Guwahati, October 13: The home ministry has extended the area under the jurisdiction of Border Security Force (BSF) — where its officers have powers of arrest, search, and seizure, on par with their counterparts in police — to a 50km-belt in West Bengal, Punjab, and Assam, running along the country’s borders, from 15km earlier.

The border stretch under BSF in Gujarat stands reduced to 50km from 80km earlier, while the area remains the same in Rajasthan at 50km. As was the case earlier, no such limit has been prescribed for the five northeastern states of Meghalaya, Nagaland, Mizoram, Tripura, and Manipur or the Union territories of J&K and Ladakh.

Section 139 of the Border Security Force Act, 1968, empowers the Centre to notify the area and extent of the border force’s operational mandate, from time to time.

As per the latest notification issued by the home ministry, the central government has revised the ‘Schedule’ specifying the border stretch where BSF would have powers of search, seizure, and arrest under Acts like Passport Act, NDPS Act, Customs Act as well as Criminal Procedure Code (CrPC) to Manipur, Mizoram, Nagaland, Tripura, and Meghalaya; UTs of J&K and Ladakh; and 50km-belt in Gujarat, Rajasthan, Punjab, Bengal, and Assam.

As per earlier notifications on September 22, 1969; June 11, 2012; and July 3, 2014; the ‘Schedule’ area comprised Manipur, Mizoram, Nagaland, Tripura Meghalaya, and J&K and area within 80km belt in Gujarat, 50km in Rajasthan, and 15km in Bengal, Assam, and Punjab.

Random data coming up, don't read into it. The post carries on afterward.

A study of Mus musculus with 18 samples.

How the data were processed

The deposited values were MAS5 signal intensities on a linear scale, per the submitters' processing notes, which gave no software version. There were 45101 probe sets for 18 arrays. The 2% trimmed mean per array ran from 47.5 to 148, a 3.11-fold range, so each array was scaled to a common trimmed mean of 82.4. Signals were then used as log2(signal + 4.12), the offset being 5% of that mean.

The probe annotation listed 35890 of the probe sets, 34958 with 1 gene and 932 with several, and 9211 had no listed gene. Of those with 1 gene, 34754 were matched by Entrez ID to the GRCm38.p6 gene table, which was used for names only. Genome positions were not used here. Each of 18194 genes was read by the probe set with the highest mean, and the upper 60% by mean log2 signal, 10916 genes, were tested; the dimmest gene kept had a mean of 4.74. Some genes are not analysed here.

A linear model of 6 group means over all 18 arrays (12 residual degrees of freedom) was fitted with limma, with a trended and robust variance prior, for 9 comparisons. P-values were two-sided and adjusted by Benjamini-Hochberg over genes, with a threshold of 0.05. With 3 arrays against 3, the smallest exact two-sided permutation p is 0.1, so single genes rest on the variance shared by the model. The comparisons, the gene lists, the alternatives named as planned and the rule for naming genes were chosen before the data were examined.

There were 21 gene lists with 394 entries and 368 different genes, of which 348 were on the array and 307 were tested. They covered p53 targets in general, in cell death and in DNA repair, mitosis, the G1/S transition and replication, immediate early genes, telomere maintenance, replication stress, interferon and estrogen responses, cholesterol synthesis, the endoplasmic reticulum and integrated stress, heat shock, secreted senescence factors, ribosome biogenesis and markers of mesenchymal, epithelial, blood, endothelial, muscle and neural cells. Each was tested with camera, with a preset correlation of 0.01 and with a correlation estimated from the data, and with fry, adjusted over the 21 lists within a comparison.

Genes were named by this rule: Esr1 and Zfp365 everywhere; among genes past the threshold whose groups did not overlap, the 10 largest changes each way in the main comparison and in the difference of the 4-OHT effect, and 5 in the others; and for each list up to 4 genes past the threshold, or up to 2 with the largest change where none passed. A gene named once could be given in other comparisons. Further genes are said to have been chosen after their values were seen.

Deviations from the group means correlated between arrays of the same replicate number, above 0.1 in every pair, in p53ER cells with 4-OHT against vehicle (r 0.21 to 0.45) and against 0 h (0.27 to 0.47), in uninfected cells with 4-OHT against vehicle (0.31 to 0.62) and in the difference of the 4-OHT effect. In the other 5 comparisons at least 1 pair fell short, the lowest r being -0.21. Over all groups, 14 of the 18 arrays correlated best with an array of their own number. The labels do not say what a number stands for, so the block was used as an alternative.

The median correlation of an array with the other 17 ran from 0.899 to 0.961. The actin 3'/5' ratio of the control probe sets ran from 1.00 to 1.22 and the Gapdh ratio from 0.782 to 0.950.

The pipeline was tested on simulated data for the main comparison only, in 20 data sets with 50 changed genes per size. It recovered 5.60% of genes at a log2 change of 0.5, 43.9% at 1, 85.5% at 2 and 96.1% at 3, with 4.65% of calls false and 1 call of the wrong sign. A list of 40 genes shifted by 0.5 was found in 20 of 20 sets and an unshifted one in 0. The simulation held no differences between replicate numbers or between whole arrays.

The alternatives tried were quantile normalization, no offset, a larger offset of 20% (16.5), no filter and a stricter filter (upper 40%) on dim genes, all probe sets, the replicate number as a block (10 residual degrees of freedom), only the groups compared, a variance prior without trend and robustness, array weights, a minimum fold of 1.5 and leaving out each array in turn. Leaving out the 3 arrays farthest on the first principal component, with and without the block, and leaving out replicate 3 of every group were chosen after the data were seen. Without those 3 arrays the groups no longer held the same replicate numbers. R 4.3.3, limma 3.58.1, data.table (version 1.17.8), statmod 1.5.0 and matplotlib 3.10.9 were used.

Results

Also Read: 3 suspected Jamaat-ul-Mujahideen terrorists were arrested in Kolkata

 

The addition of an extra 35-km stretch to the BSF’s mandate could rile two of the affected states — Punjab and Bengal — ruled by non-BJP parties and lead them to question the step as an encroachment upon their powers and against the federal structure. BSF sources said it would empower its personnel to carry out operations against narcotics/arms trafficking and illegal infiltration seamlessly in border stretches.

It was not immediately clear if state governments were taken on board before issuing the latest notification. However, every order made under Section 139 of the BSF Act must be laid before each House of Parliament, which can either modify or annul it.

Every order made under this section is before each House of Parliament while it is in session for 30 days which may be comprised in one session or in two or more successive sessions.